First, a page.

British police investigating the disappearance of Madeleine McCann are looking into more cases involving sexual assaults on children in the area where she vanished.
Police say 18 potentially linked cases involve a male intruder going into villas occupied by British families on holiday in Portugal’s Algarve region between 2004 and 2010.
Some of those involved sexual assaults on children and little or nothing was stolen.
Madeleine was reported missing in May 2007, when she was aged three, from her family’s resort apartment in Praia da Luz on Portugal’s south coast.
Her disappearance remains unsolved. Last month police said a suspect may have been responsible for 12 cases of intrusions and assaults on children in the Algarve. Police said yesterday further inquiries have identified six more cases.
They include nine sexual assaults, three near-misses and six incidents where the intruder was disturbed.
Detective Chief Inspector Andy Redwood said yesterday: “We have now identified a further five sexual assaults and one near-miss. None of those six matters we were aware of prior to our appeal.
“In this new tranche of information, we have got one crime which is very clearly in the heart of Praia da Luz in 2005, on a young, white, ten-year-old girl. Clearly, the fact that we’ve now got an assault that is in the heart of Praia da Luz, very close to where a previous matter had been reported, means that we are even more interested in this as part of the inquiry.”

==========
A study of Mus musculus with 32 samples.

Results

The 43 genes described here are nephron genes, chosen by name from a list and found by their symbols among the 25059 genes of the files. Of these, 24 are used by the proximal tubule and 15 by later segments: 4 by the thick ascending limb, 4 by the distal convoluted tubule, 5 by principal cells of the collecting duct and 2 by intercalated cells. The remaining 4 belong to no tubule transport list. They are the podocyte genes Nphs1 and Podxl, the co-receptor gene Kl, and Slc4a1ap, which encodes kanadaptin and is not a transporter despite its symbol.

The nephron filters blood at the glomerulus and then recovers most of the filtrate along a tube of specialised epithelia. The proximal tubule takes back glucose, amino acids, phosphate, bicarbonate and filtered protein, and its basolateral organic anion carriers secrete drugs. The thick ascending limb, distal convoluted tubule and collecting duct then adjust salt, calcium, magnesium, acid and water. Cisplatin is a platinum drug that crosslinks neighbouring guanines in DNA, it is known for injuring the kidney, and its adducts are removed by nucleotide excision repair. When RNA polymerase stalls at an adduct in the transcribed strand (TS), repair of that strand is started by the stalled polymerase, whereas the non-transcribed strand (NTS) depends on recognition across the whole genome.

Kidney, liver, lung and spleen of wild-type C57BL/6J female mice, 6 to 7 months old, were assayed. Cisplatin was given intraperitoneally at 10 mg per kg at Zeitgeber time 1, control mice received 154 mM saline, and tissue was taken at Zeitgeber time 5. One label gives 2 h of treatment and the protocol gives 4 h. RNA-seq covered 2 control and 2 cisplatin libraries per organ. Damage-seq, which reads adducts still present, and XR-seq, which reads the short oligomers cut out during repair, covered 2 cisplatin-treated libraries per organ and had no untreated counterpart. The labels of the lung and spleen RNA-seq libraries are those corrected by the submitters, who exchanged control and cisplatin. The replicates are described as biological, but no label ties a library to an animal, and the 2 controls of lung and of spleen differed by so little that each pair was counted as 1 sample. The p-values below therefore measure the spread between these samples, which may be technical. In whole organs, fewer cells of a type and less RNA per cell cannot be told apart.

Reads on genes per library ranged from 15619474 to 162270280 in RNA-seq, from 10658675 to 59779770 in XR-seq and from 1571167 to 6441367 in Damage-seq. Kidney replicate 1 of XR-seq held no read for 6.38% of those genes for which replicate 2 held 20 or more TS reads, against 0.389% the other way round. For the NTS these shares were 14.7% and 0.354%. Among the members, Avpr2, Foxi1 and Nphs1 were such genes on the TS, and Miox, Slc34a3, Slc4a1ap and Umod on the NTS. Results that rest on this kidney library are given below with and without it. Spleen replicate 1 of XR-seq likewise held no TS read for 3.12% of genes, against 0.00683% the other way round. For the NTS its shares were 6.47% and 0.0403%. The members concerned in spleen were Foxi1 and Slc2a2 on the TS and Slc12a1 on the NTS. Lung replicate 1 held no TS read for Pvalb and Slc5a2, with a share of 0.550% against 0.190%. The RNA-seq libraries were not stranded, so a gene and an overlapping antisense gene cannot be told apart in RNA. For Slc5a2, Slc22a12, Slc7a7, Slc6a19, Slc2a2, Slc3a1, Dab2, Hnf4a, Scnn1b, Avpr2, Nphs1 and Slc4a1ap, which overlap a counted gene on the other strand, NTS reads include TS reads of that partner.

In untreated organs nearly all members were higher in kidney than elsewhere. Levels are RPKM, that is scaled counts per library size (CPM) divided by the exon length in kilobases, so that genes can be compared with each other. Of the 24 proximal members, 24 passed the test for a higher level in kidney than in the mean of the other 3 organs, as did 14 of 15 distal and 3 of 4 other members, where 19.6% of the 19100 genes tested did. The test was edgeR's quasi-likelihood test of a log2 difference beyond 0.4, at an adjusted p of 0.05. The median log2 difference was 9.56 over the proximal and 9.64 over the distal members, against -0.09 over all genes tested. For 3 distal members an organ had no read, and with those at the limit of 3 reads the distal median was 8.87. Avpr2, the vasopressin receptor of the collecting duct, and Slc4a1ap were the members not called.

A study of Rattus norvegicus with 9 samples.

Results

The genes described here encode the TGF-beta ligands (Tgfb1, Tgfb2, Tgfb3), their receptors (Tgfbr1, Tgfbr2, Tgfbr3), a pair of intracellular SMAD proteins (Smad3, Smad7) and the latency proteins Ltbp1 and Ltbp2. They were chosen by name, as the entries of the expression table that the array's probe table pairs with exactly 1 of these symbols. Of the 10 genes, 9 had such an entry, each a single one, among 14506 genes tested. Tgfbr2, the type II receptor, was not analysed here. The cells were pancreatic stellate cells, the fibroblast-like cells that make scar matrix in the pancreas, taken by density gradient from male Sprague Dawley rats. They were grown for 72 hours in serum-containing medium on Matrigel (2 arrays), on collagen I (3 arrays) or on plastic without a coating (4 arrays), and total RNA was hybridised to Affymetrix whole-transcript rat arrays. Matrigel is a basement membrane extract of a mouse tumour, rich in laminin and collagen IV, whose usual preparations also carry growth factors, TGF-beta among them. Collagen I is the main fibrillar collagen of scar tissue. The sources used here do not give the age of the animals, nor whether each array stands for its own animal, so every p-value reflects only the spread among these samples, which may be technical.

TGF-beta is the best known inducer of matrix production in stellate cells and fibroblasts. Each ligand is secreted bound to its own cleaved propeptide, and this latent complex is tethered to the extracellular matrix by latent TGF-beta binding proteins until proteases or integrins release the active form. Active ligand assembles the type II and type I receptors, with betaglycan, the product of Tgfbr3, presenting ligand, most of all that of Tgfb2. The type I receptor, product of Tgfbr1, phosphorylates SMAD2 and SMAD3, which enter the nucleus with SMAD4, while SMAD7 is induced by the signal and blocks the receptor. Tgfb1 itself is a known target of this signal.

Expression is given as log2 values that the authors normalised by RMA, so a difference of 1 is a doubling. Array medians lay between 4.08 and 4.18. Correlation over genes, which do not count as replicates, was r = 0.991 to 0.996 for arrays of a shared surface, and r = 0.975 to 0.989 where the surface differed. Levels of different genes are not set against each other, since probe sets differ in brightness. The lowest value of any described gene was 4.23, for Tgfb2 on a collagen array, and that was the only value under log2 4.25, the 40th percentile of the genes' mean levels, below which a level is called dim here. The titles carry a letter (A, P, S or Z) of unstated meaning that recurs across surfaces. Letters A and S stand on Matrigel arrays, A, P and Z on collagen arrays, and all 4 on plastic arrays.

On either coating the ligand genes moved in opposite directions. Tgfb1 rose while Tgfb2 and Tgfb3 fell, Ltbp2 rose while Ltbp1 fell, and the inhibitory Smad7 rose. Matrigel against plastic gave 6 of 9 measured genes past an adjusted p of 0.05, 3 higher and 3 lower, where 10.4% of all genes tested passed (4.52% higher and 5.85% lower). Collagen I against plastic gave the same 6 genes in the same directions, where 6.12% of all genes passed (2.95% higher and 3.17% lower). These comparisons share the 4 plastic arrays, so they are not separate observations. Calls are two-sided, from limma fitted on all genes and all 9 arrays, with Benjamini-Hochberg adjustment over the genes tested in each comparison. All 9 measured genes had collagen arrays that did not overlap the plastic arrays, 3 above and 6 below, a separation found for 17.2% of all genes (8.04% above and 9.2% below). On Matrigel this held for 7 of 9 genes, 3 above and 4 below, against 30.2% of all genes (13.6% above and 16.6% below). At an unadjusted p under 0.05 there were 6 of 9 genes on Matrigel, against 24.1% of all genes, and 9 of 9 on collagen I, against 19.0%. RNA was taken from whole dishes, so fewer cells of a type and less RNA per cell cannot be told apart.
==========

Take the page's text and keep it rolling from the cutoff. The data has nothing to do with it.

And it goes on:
Officers are now poised to stage operations on Portuguese soil. Investigators from Scotland Yard are waiting for an official agreement later this week, and hope to begin “operational activity” linked to the case in the near future.
Deputy assistant commissioner Martin Hewitt said: “I am cautiously optimistic that in the not-too-distant future we are going to start to see activity.”
Mr Hewitt would not reveal what the joint operations will involve.
British detectives launched a fresh investigation into Madeleine’s disappearance in July last year – two years into a review of the case.
In the previous appeal, the suspect was described as a tanned, dark-haired man who spoke English slowly, with a foreign accent and possibly slurred speech, had unkempt hair was unshaven, and smelled strange.
Some witnesses said he had a pot belly.
In six of the offences, the man sat on or got into bed with young girls.
Even when he was disturbed, witnesses said that he remained calm.
In two of the break-ins, he was wearing a distinctive burgundy long-sleeved top, which some witnesses said had a white circle on the back.
There is a £20,000 reward for information leading to the arrest and prosecution of those responsible for Madeleine’s disappearance.
After shelving their inquiry into Madeleine’s disappearance in 2008, Portuguese authorities said last October that a review had uncovered enough new information to justify reopening it.
Portugal has declined to set up an official joint investigation with the Met.
Mr Hewitt said Prime Minister David Cameron and Home Secretary Theresa May have expressed a personal interest in the case, and stand ready to intervene to press the Portuguese authorities for help if necessary.